The Vasculitis Foundation awarded its “Dr. Chris Cox-Marinelli Young Investigator Award” — a one-year research grant totaling $49,822 — to Dragana Odobasic, PhD, a research fellow at Monash University in Melbourne, Australia.
The award is for Odobasic”s research on a subset of specialized immune cells, called tolerogenic dendritic cells, that can turn off the autoimmunity to myeloperoxidase (MPO) that causes some ANCA-associated vasculitis (AAV) cases, while leaving the remaining immune system unharmed.
Her findings were described in the study, “Tolerogenic Dendritic Cells for Antigen-Specific Immunosuppression in MPO-ANCA Vasculitis,” published in the Journal of the American Society of Nephrology.
ANCA-associated vasculitis is an autoimmune disease caused by the production of anti-neutrophil cytoplasmic autoantibodies (ANCA) that wrongly target and attack healthy immune cells called neutrophils, causing blood vessel inflammation and swelling in different tissues and organs.
MPO-AAV is one of the main forms of the disease, in which autoantibodies targeting the MPO protein in neutrophils cause damage to small blood vessels in the kidneys, resulting in kidney disease.
However, because these medications shut down the entire immune system instead of only blocking autoimmunity, patients often become more vulnerable to infections and certain types of cancer.
In her study, using a mouse model of MPO-AAV, Odobasic found that tolerogenic dendritic cells can effectively turn off the part of the immune system triggering autoimmune responses to MPO, while leaving the rest of the immune defenses intact.
If confirmed in a new study, these findings may propel the development of new therapies for MPO-AAV based on these specialized immune cells.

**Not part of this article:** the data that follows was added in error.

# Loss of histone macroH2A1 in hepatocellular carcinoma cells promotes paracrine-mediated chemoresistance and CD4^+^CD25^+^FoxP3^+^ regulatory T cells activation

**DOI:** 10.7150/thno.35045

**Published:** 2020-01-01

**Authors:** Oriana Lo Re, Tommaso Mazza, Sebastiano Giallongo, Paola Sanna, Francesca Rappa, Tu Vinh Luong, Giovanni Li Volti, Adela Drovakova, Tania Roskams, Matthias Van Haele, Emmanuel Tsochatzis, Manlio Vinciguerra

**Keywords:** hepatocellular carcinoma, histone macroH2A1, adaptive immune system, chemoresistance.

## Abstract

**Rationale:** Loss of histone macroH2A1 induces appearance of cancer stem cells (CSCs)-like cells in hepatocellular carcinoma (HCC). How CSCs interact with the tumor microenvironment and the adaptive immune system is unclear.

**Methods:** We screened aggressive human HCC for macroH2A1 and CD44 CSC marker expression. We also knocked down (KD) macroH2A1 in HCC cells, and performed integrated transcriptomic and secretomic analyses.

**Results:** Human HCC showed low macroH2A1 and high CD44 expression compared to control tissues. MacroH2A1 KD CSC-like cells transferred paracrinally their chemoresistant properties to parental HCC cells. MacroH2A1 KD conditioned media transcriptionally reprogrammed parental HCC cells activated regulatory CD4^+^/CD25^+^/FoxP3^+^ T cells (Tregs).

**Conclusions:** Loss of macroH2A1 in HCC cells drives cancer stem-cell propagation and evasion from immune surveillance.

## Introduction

“The main focus of our research is to find effective, but safer therapies for vasculitis patients, with minimal side effects. Ideally, we’d like to turn off only autoimmunity to MPO, which is associated with vasculitis, without affecting the rest of the immune system. This would stop or reverse kidney damage caused by vasculitis, with negligible adverse effects,” Odobasic said in a press release.
With the new grant, Odobasic and colleague Stephen Holdsworth, MD, PhD, will continue to investigate the therapeutic potential of tolerogenic dendritic cells over the next year, using a well-established animal model of MPO-AAV and patient samples.
“This model closely resembles human disease,” Odobasic said. “We will also collect blood cells from vasculitis patients to show that their own tolerogenic dendritic cells, made by treatment with an anti-inflammatory protein called interleukin-10, can turn off their autoimmunity to MPO,” she said.
The grant awarded by the foundation to Odobasic bears the name of Christine Cox-Marinelli, MD, who was a strong advocate for vasculitis research, and a patient herself.
“Dr. Chris Cox-Marinelli was a friend, colleague, and tireless advocate for vasculitis research,” said Peter Grayson, MD, head of the Vasculitis Translational Research Program, and associate director of the National Institute of Arthritis and Musculoskeletal and Skin Diseases Fellowship Program.
“I am thrilled to see the VF Young Investigator’s Award in memory of Dr. Cox-Marinelli be given to Dr. Dragana Odobasic whose exciting research proposal seeks to train the immune system to protect itself against factors that contribute to inflammation in ANCA-associated vasculitis,” Grayson said.